Rizzo seemed to emerge from a short-lived funk when he delivered a long home run and had a run-scoring single in Wednesday’s 3-2 defeat to the Pittsburgh Pirates.
In the previous six games, the lefty swinger had just four hits and was batting under .200 in that stretch. Much of Rizzo’s struggles appear to have stemmed from a definitive pitching strategy against him.
When Rizzo was making a big offensive impact shortly after his arrival to the big leagues in late June he was doing it by manhandling pitches toward the outside part of the plate.
During the recent dryspell, pitchers appeared to be pounding Rizzo low and inside.
“They’re just mixing in and out, fastballs, offspeed,” Rizzo said. “It’s just about being smart, and if they’re going to attack me one way I’m not going to get out of the way I want to hit. That’s the biggest thing for me.”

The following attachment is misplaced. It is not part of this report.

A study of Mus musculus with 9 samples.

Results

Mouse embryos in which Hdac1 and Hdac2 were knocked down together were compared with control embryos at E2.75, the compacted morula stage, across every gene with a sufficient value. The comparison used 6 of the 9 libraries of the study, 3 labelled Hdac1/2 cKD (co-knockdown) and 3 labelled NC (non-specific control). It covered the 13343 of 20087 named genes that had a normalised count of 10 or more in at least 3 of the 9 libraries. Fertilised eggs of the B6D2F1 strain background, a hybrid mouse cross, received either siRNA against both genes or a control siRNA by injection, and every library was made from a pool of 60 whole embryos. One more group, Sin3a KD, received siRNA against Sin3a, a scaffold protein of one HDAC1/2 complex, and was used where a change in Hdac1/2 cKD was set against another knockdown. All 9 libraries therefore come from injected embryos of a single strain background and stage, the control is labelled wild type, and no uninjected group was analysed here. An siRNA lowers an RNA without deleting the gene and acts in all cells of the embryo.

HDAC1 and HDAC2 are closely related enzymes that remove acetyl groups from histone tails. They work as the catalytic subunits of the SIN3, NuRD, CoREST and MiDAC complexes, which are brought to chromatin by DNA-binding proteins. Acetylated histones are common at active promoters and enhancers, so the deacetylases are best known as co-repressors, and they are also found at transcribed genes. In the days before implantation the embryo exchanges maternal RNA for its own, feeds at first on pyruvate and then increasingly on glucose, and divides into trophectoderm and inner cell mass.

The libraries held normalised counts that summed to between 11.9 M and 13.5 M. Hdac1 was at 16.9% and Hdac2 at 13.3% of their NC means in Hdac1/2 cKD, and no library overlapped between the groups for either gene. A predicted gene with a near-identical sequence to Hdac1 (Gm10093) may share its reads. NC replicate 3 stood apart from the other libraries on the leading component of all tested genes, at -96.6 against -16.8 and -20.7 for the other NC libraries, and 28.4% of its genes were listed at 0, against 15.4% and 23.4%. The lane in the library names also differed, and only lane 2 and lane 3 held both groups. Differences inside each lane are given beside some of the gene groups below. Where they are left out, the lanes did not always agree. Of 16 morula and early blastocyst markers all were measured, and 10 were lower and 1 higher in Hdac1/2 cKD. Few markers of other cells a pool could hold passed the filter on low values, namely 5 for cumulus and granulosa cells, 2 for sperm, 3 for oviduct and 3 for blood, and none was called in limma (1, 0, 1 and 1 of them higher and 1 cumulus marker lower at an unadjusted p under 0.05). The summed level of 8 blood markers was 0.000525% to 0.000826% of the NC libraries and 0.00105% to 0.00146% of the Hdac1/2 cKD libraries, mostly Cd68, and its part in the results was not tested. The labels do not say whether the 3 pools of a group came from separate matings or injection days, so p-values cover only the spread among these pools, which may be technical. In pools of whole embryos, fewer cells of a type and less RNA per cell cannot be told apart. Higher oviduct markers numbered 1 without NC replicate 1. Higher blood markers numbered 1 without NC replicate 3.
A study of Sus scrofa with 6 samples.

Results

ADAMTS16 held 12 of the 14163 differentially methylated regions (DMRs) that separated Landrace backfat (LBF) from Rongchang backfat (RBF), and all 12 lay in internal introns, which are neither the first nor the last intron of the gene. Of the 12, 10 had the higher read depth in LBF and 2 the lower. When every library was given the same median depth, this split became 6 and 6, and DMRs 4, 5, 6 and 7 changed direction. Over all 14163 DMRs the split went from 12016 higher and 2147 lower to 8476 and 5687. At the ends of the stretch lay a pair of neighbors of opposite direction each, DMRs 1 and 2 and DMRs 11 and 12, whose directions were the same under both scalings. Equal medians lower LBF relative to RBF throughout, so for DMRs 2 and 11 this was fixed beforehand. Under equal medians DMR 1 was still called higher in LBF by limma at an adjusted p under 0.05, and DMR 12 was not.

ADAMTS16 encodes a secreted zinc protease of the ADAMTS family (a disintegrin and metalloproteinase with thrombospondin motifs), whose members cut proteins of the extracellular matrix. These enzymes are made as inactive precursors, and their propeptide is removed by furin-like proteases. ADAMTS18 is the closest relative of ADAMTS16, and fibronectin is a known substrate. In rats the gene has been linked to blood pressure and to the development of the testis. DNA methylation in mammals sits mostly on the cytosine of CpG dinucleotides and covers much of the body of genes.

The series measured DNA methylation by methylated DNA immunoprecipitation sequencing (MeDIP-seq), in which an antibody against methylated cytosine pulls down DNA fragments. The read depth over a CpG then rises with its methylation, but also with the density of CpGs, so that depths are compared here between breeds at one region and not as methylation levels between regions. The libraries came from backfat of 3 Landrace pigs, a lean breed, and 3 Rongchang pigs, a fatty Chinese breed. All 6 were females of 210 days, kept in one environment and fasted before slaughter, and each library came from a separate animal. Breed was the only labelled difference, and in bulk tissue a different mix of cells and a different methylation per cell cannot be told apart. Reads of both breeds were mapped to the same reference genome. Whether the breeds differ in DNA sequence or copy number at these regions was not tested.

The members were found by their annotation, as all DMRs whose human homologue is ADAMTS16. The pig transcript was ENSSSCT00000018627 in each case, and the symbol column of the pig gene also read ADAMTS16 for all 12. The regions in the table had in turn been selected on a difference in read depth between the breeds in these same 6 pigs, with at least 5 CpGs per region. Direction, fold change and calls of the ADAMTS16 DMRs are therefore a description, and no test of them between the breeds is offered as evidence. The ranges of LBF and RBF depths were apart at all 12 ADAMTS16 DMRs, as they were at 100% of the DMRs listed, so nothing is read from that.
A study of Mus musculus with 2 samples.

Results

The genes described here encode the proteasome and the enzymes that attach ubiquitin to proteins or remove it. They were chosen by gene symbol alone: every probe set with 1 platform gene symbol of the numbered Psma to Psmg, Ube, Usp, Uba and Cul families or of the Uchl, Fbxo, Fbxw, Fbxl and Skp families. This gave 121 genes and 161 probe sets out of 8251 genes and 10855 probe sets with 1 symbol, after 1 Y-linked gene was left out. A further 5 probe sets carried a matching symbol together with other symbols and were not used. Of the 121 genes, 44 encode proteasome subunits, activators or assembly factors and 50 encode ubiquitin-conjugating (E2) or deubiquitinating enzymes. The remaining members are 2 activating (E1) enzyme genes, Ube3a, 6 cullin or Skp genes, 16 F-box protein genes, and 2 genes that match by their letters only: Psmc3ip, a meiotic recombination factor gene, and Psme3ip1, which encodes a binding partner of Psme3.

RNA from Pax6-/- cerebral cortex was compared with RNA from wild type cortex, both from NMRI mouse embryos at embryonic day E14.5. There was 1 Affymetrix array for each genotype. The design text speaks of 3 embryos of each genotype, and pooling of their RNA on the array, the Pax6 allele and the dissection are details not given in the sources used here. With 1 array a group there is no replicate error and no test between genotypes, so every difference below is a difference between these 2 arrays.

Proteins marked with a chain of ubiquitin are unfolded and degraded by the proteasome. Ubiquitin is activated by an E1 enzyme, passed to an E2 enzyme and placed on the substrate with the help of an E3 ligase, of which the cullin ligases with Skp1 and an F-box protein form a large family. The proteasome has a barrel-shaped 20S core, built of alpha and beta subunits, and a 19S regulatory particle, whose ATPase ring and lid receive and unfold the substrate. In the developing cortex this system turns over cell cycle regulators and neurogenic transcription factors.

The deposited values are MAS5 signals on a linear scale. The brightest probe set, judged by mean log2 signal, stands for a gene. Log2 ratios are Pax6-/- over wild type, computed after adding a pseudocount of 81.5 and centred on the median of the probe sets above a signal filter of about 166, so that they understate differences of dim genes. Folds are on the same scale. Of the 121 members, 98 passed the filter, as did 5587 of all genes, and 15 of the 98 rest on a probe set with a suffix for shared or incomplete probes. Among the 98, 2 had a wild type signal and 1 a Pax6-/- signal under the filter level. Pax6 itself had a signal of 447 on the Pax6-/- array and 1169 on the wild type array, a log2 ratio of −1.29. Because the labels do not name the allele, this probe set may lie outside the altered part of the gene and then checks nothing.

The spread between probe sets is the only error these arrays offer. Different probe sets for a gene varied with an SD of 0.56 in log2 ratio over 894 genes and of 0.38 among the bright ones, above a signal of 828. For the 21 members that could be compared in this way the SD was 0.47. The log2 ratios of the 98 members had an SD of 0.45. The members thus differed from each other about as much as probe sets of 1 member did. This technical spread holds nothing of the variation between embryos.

Manager Dale Sveum agrees with his young hitter’s approach. If it ain’t broke don’t fix it, and after a short slow stretch, the Cubs hardly think there is anything drastic Rizzo needs to do during his at-bats.
“People try to pitch a lot of people in certain spots, but the bottom line is you still have to wait it out and get a good pitch,” Sveum said. “Not too many people hit all 17 inches of the plate so the bottom line of young hitters is to just wait it out and get good pitches to hit.”
Rizzo wasn’t making a big deal about things when hits were hard to come by over the weekend, and he isn’t going to celebrate a solid day Wednesday.
“It’s just baseball,” Rizzo said. “Anywhere you are you’re going to go through ups and downs, and it’s about staying even-keel and on the same plane.”
If that isn’t a simple enough of an approach, Rizzo can strip things down to the basics even further.
“See the ball hit the ball,” he said. “Try to get ready early and (don’t) try to do too much.”